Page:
You never heard about of all those canon 5Ds that died suddenly on an Antarctic cruise did you? They were only in very very light drizzle and had a very high failure rate among the large group that was using canons. The Nikon's in the group didn't have a single failure.
In a summary session on the last day at the Peninsula I asked everyone to report on any equipment failures. Here's the tally.
The top LCD on a 5D MKII spontaneously cracked; Another 5D MKII had a jambed on lens caused by a loose screw, a 1Ds MKIII reported intermittent problems; a 1D MKIII kept reporting Error 99; one Hasselblad reported electronic lens connection problems; two Canon G9's failed (no G10s had any reported problems), and a Nikon 80-400mm lens came apart. No Nikon bodies (mostly D700s) failed in any way.
The largest group of failures through were among the Canon 5D MKIIs. Of the 26 samples of this camera onboard, one quarter (six) failed at one time or another, and while three recovered, the other three never did. In all cases it appeared to be water or humidity damage. Of particular concern were two cameras which stopped working while completely protected within Kata rain covers during a light rain ashore. They came back to life the following day though and were mostly fine for the rest of the trip, but one died permenently just before the end of our voyage.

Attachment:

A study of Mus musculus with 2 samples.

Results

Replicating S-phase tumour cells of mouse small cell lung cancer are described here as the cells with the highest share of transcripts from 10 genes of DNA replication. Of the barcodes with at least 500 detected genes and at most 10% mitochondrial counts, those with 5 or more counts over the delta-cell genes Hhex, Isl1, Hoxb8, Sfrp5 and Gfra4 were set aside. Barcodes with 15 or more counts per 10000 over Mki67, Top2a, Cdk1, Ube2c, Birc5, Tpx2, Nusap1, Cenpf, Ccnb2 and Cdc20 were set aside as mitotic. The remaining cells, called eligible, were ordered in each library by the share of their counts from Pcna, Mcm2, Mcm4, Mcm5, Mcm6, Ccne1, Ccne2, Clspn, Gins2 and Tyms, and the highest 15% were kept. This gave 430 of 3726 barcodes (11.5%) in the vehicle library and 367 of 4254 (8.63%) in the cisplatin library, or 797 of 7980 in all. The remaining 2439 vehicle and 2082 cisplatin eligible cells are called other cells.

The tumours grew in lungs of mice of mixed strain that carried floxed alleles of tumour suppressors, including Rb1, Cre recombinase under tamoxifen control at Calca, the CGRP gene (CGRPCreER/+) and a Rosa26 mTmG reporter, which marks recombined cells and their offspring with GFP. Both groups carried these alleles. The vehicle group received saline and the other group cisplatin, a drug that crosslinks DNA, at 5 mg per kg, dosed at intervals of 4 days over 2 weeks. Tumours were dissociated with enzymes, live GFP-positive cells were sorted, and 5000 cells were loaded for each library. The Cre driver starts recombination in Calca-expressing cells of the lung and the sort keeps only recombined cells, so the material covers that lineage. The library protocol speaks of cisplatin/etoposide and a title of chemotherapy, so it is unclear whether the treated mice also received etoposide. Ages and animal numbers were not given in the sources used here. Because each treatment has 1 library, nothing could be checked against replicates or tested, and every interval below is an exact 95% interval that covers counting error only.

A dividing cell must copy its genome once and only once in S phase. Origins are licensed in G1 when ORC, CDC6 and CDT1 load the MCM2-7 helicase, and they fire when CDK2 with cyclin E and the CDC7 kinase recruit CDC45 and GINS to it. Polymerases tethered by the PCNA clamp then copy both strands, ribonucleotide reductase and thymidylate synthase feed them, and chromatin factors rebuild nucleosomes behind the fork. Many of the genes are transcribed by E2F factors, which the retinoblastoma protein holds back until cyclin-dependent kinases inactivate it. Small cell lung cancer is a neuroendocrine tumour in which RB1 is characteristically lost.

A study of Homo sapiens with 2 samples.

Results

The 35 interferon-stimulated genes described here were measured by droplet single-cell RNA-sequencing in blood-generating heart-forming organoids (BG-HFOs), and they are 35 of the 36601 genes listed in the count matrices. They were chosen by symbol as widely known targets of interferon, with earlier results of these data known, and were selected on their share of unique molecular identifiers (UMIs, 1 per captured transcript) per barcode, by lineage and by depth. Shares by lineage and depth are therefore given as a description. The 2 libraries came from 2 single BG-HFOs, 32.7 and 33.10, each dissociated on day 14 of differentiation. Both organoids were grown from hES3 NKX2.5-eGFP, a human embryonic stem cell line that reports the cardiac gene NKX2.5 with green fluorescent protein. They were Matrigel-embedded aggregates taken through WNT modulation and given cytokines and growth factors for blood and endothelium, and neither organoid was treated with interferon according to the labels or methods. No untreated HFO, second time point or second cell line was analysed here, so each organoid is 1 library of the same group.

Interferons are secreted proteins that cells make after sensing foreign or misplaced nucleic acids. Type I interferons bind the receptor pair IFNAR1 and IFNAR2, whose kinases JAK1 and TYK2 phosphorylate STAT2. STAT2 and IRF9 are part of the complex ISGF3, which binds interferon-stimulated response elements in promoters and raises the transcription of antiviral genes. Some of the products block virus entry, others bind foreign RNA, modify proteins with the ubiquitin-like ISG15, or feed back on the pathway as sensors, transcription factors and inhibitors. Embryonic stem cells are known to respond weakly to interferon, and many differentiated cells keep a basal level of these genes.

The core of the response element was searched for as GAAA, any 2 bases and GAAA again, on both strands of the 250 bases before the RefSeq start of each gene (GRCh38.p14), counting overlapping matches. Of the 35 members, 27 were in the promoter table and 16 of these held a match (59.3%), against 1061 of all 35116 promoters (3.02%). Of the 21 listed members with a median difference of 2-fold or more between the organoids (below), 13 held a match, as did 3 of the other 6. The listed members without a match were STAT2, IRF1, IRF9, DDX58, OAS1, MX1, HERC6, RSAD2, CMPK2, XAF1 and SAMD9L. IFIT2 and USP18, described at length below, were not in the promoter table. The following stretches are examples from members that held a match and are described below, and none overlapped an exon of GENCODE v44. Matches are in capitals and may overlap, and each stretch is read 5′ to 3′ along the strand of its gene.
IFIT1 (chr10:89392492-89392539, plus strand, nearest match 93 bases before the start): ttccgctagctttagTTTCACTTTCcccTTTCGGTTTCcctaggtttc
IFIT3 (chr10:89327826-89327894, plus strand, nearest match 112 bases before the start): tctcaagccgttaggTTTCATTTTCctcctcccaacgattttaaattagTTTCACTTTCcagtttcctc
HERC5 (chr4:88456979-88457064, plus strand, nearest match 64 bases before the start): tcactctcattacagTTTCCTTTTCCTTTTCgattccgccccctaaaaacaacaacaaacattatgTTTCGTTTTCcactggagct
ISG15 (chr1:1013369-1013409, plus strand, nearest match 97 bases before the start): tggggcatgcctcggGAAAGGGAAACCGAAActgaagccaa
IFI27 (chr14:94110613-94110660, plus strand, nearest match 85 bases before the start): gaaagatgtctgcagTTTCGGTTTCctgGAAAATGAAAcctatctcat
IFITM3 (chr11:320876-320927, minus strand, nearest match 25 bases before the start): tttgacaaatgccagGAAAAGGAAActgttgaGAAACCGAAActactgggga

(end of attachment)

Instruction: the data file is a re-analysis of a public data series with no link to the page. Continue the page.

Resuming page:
Several people noted that when returning to the ship after working in light rain 5D MKIIs with vertical battery grips tended to collect water in between the grip and the base – something that may have been the cause of some of the failures.
So YES there is such a thing as catastrophic failure due to moisture.